Achieving quality III: Tree biology for multiple uses

Chair: Stefan Jansson, Umea, SE

Natural variation in Aspen

How do these trees know it is autumn?  Gene sequencing outcome shows that there is high diversity in the Swedish Aspen populations - senescence being only one trait that varies widely according to C and N levels in the soils.

 

 

 

  • Wout Boerjan, VIB, Ghent, BE

Engineering lignin biosynthesis for biofuels

Bioethanol from corn starch is currently normal practice. Willows and poplars are now being considered as 2nd generation biofuels since of the dry biomass from the plants - 75% is sugars.

 

 

 

  • Tomas Vanek, Prague, CZ

Plant biotechnology for the removal of organic and metal pollutants and toxic metals from waste waters and contaminated sites

Tomas described the various methods employed in the Czech Republic to remove, contain and render harmless undesirable production chemicals -including Uranium and explosives materials - dumped into the environment.

 

 

  • Hely Haeggman, University of Oulu, FI

Biosafety of genetically modified forest trees - specific emphasis on biological interactions

The research presented involved studying interactions of transgenic trees with insect herbivores and ectomycorrhizal fungi. 

 

 

 

Achieving quality IV: From metabolites and recombinant proteins to plant-made-pharmaceuticals

Chair; Maurice Moloney, Rothamsted Research, UK

Oilseed-based biopharmaceutical production: from clone to clinic

25% of the prescription drugs dispensed in the United States contain at least one active ingredient derived from plant material. Results from the ensuing research studies support the potential for using plant-based production to meet the rising global demand for human insulin.

  •  Kazuki Saito, Yokohama, JP

Omics-based understanding of biosynthetic systems of plant specialised products

Kazuki described the necessity of functional genomics for chemical diversity (phytochemical genomics) in vast unexplored species regarding their chemical constituents and activities. He also presented their website: http://prime.psc.riken.jp/ - which is a PRIMe website providing metabolome-based systems biology tools and databases.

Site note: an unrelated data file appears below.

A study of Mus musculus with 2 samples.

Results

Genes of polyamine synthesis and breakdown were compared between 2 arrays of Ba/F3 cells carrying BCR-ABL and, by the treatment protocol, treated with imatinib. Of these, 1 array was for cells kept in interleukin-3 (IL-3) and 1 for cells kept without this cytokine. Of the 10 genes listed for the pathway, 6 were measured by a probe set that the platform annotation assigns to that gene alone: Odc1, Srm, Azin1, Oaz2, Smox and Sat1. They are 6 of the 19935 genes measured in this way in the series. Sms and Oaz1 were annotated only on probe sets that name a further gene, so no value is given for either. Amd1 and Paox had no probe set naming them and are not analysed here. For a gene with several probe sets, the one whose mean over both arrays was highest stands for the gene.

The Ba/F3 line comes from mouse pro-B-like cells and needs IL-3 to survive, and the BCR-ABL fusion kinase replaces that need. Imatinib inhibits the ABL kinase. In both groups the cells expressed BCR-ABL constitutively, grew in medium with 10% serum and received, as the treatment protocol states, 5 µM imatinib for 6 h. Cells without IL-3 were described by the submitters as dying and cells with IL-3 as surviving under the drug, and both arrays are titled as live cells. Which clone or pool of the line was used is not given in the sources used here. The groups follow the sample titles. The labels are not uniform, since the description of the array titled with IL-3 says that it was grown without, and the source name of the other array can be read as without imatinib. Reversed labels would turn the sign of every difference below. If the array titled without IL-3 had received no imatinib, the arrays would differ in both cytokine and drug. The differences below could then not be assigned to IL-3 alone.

• Eva Stoger, Vienna, AT

Human anti-HIV1 antibodies in plants

Eva presented PharmaPlanta's mission to develop efficient and safe strategies for the production of clinical-grade protein pharmaceuticals in plants and to define procedures and methods for the production of these proteins in compliance with all appropriate regulations.

  • Werner Roos, Martin Luther University, DE

Plant secondary metabolism - treasure and a burden

Werner reminded us that the forces of evolution have generated hundreds of thousands of plant secondary metabolites, making plants the most creative chemists on earth. He exemplified the various mechanisms plants have developed to selectively overproduce specialised compounds and to avoid self-intoxication.

 

 

Achieving quality V: Plants with improved nutritional quality and value

Chair: Bruce Osborne, Dublin, IE

Novel crops and novel traits

Bruce opened the session with a number of questions: why do we need novel crops/novel traits? What are the problems with commercially available germplasm? Which crops and which traits should be examined?

 

 

 

  • Riitta Puupponen-Pimia VTT, FI

Therapeutically active berry compounds -effects on human health in clinical intervention

There are almost 40 edible berries available in Finland - some of which have been used therapeutically under folklore practices - but most of the berry species still remain underutilised. 

 

 

  •  Michal Oren-Shamir, Volcani Centre, IL

Stability and degradation of anthocyanins in fruit and ornamentals

Michal showed the first proof of active in planta anthocyanin degradation
in Brunfelsia.

 

 

 

  • Jan K. Schjoerring, University of Copenhagen, DK

Enhanced content and bioavailability of Fe and Zn in the endosperm of seeds from rice plants over-expressing nicotianamine synthase

 Jan looked at quantifying how Zn and Fe are distributed in the rice grain and how development of analytical methods for identification of the dominating ligands controlling Fe and Zn speciation progressed.

 

 

Achieving quality II: From photosynthesis to solar fuels

Chair: Eva-Mari Aro, Turku, FI

Trends and breakthroughs on photosynthesis and solar fuels- news from the China congress, August 2010

Eva discussed the need for further solar cell technology to be developed. She described the work done by Michael Gratzel on photovltaic cells that mimic photosynthesis. 

 

 

 

  • Kazimierz Strzalka

Role of lipids in the molecular mechanism of photoprotection of the photosynthetic machinery by violaxanthin de-epoxidation

Kazimierz discussed the fact that excessive light may destroy photosynthesis in plants. 

 

 

 

  • Olivier Voinnet - Keynote speaker

Cell to cell movement of RNA Silencing Signals

Those who thought there is not much more news on plant gene silencing to come are once more wrong! In an exciting key note at the end of the EPSO conference, Olivier shed light on the long chased secret of the “silencing signal” which spreads through plasmodesmata from cell-to-cell or even long distance through the phloem.